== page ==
Feature Four Frames

Four Frames: Night of the Living Dead (George A. Romero, 1968)


It is perhaps fitting that in the year that saw the world descend into civil unrest, a micro-budget splatter movie in which the dead rise from the grave and usher in the apocalypse would redefine both the horror genre and contemporary cinema.

There is horror before 1968’s epochal Night of the Living Dead, and there is what came after; such is the seismic impact that George A. Romero’s debut feature continues to have.

Chucking out the rulebook in true anti-establishment style, Romero found a unique and unorthodox way to envisage the tipping point that society seemed to be careering towards at the time.

Romero monkeys about with the audience’s expectations from the film’s opening scene when siblings Barbra (Judith O’Dea) and Johnny (Russell Steiner) visit their father’s grave. Our assumed hero Johnny latches onto his sister’s unease and, putting on his best Boris Karloff, pokes fun, saying: “They’re coming to get you Barbra!”

Johnny continues to freak out an angry Barbra and observes a shambling figure seen earlier in long-shot drawing ever nearer. “Look! There’s one of them now!”

This unintended irony arrives with a jolt when the man (Bill Hinzman who, in basing his shuffling gait on Karloff in The Walking Dead, proves that the old ways are sometimes the best) attacks Barbra for seemingly no reason. We presume Johnny will come to the rescue, but in fighting the ghoul (the word “zombie” is never uttered in the film) he falls and smacks his noggin on a headstone. Not so much the hero after all.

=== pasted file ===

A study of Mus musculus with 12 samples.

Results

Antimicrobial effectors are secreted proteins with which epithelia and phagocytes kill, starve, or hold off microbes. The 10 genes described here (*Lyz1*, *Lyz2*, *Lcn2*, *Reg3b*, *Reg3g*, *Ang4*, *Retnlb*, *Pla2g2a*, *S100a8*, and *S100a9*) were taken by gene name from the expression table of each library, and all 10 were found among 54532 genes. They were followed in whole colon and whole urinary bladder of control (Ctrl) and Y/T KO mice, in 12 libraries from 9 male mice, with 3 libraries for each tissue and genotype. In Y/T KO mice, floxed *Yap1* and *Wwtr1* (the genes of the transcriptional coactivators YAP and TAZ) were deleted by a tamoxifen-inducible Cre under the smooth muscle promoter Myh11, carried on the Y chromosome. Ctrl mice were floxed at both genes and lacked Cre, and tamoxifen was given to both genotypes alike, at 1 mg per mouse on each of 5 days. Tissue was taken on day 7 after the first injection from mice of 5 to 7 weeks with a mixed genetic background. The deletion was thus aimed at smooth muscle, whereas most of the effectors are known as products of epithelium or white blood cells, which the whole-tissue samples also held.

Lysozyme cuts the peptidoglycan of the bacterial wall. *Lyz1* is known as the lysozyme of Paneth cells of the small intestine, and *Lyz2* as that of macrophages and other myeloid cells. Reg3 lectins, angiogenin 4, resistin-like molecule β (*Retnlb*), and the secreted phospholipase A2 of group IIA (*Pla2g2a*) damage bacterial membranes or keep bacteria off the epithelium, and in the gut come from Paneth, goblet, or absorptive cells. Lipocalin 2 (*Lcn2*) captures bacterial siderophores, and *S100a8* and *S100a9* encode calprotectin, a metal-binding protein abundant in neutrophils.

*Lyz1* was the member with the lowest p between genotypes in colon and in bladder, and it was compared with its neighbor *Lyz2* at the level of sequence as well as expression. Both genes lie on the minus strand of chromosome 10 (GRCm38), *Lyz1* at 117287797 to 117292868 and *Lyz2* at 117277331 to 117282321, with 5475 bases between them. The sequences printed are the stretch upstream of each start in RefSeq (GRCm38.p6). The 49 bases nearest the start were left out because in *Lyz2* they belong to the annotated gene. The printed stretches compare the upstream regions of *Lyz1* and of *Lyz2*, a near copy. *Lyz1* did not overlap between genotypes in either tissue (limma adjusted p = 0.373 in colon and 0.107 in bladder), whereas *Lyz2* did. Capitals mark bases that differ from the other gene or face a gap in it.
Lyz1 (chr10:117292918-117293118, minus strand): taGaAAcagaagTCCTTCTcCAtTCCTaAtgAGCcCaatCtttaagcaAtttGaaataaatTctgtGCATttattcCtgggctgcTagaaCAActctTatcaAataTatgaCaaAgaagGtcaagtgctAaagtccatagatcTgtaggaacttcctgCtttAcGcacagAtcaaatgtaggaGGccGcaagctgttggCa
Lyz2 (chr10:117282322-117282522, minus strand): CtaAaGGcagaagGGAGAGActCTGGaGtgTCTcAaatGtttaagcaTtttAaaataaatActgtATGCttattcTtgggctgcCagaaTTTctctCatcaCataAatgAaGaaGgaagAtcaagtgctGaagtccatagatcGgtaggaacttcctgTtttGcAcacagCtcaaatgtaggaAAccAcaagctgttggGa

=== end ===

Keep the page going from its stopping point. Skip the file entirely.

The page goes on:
With our assumptions in tatters, all bets are off as Barbra flees to a farmhouse and is joined by Ben (Duane Jones), who doesn’t convince anyone – least of all himself – when he shuts the growing horde of undead out (or, more to the point, imprisons them both) saying, “it’s alright”.

Not for nothing has Steiner’s Karloff impression become a defining moment in horror cinema. Romero, deciding that no-one else was going to do it, took it upon himself to shake the foundations when he chose to subvert an old icon, as if to say: “That’s then, this is now and you ain’t seen nothin’ yet.”

Tellingly, it’s the one amusing moment in a film that, like its implacable army of the undead, relentlessly progresses towards a soul-shattering conclusion.


By Mark Fletcher

My love affair with film has lasted as long as I can remember. I recall watching Back to the Future as an impressionable 10-year-old and thinking it was the best thing I’d ever seen (it’s still one of my all-time favourites). However, I began to realise cinema could be more than simple entertainment after watching Raging Bull and since then have lapped up what the world of film has to offer, from the sublime to the downright ridiculous.